A guest post by Jeremy Dawson:
In defence of Israel Folau (kind of)
The ongoing assault on Israel Folau has reached absurd levels. Keep in mind that the comment that triggered this fury occurred on 3 April – 16 days ago. Yet the media continue to pimp for new voices to condemn him.
The question that needs to be asked is why? Why has the media reaction been so extreme in the case of Folau that they keep trying to find new ways to feed the story more than two weeks later? Anthony Mundine, earlier this year, made a comment where he said the only way to solve the problem of homosexuality was capital punishment. That story fizzled within a few days.
One guy says gay people should be killed. Another says it his belief that gay people will go to hell unless they repent their sins and choose God. It isn’t hard to spot which statement should cause the greater offence. It also isn’t hard to see what the difference is between Folau and Mundine – to spell it out, one is Christian, the other is Muslim.
What troubles me in particular about the Folau case is the willingness of commentators to throw around terms such as bigot, homophobe and hate speech. Except Folau is not a bigot, nor a homophobe. And neither is saying sinners go to Hell hate speech. I am not going to defend his choice of words in his initial response to an obvious social media troll. If he changed just two words he would have got his message across in a more positive fashion. It would then have read: “Heaven… If they repent their sins and turn to God.” Because that is the truth – reaching heaven is no different whether you’re gay or straight. It is a choice to give your life to God, and each individual is accountable for themselves.
The article Folau penned to explain himself is far more articulate and deserves to be respected. You can disagree with his biblical interpretation, but it is clear there was no malice, no hate, intended. He wants to speak the truth, as he believes it. As a Christian, I shook my head when I saw the words Folau chose. I agree that how he initially responded had the potential to cause harm to people struggling with their sexuality. The words you choose do matter. But I’m not going to vilify him for failing to think that part through, and ultimately I commend him for standing strong in his faith as everyone piles on the self-righteous bandwagon.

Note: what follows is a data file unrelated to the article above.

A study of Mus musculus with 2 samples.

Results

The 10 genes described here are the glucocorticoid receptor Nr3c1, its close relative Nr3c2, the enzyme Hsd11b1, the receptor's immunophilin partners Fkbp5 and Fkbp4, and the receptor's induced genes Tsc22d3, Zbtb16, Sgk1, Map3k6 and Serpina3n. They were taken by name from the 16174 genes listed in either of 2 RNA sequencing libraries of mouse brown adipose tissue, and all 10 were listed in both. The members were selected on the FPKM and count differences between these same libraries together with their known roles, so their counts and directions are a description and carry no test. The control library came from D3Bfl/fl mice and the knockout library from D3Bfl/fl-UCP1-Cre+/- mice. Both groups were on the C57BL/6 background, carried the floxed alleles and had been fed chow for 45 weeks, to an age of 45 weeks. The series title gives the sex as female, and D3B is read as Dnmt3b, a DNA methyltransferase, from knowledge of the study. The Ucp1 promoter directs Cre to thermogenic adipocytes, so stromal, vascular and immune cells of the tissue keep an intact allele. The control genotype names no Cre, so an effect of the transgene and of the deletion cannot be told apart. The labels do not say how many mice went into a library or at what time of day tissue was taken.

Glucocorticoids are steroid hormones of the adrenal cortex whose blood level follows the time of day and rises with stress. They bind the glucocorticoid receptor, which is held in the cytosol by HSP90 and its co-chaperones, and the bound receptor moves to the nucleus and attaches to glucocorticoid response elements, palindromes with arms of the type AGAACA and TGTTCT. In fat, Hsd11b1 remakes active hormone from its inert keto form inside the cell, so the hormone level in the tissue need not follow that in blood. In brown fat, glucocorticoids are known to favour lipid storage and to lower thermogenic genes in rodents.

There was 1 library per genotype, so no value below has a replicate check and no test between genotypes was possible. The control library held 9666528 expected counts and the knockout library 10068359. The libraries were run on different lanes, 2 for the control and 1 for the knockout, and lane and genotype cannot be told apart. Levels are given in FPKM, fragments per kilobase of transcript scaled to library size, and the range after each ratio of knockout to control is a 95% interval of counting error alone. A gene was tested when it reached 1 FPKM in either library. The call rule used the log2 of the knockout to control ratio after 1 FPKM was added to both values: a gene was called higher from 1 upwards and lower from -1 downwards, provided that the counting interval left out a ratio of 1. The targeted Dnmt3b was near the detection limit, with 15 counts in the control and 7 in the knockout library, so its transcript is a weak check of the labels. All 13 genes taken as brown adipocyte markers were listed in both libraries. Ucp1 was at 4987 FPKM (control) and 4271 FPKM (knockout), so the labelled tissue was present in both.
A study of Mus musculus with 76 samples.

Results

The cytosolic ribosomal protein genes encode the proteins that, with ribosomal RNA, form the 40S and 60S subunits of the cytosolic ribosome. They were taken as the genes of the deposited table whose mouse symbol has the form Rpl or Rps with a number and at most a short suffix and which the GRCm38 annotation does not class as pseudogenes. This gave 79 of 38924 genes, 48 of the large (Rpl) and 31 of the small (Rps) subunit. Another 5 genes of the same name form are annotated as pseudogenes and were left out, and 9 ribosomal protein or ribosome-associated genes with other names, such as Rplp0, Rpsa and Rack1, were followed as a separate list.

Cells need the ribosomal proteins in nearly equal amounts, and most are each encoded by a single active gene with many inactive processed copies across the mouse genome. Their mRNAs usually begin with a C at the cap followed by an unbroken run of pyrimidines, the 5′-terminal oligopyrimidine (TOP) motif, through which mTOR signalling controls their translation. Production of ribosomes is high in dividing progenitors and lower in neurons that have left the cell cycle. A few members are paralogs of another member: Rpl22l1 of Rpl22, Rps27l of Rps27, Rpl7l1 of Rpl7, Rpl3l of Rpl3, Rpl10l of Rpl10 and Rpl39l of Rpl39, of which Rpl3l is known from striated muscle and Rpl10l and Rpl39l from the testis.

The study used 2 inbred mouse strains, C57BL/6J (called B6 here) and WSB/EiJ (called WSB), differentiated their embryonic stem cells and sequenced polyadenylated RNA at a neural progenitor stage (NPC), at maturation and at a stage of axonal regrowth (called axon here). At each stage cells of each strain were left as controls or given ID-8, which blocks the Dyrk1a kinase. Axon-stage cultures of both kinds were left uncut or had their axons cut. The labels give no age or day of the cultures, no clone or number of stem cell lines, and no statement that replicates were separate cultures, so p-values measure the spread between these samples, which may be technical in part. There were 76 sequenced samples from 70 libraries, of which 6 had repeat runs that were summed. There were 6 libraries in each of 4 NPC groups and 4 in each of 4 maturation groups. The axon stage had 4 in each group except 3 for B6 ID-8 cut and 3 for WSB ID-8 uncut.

One of the problems society has long suffered from is grandstanding about the flaws they see in everyone else, because it allows them to ignore their own. How many of these rugby players who are suddenly speaking out really think they can take the moral high ground on anything. If Folau’s social media post disgusts them so much that they don’t want to even be on the same field as him, then how can they take the field with teammates who abuse strippers or cheat on their wives or partners. And then you have the media – an industry well-known (particularly in Auckland) for being partial to snorting cocaine despite the thousands of people who are murdered each year just so they can get high. Or maybe selective morality sits well with them.
It’s time the media put a stop to their campaign. As the Bible says, let he who is without sin cast the first stone. That is not to say that Folau should not be challenged on the impact his words have, he should and he has. Faith is a journey, and he is learning. But the relentless media campaign has been over the top and is starting to smell more like an excuse to run an attack on Christianity in general. It’s always fun to have a crack at Christians, after all. We just turn the other cheek.
Jeremy makes very valid points about the double standards between what Folau said, and what Mundine said. I recall a former Labour MP who said that the Koran was correct to recommend gays in certain circumstances be stoned to death. His words attracted far far far less attention that what Folau said.
Having said that, I think Folau is an idiot for his choice of words. If he needs some assistance on how to speak about homosexuality from a Christian perspective without being an offensive ass, he should try following Pope Francis.
And Kim Baker Wilson has written a horrific and brave account of his brain injury after being the victim of a homophobic attack.
Christian scripture also has pre-marital sex as a sin. Does Folau go around saying everyone who has had pre-marital sex is going to hell? If so, I doubt any of his rugby colleagues will be safe!
So Folau’s words do deserve criticism, but the 16 days of almost non stop condemnation is a double standard.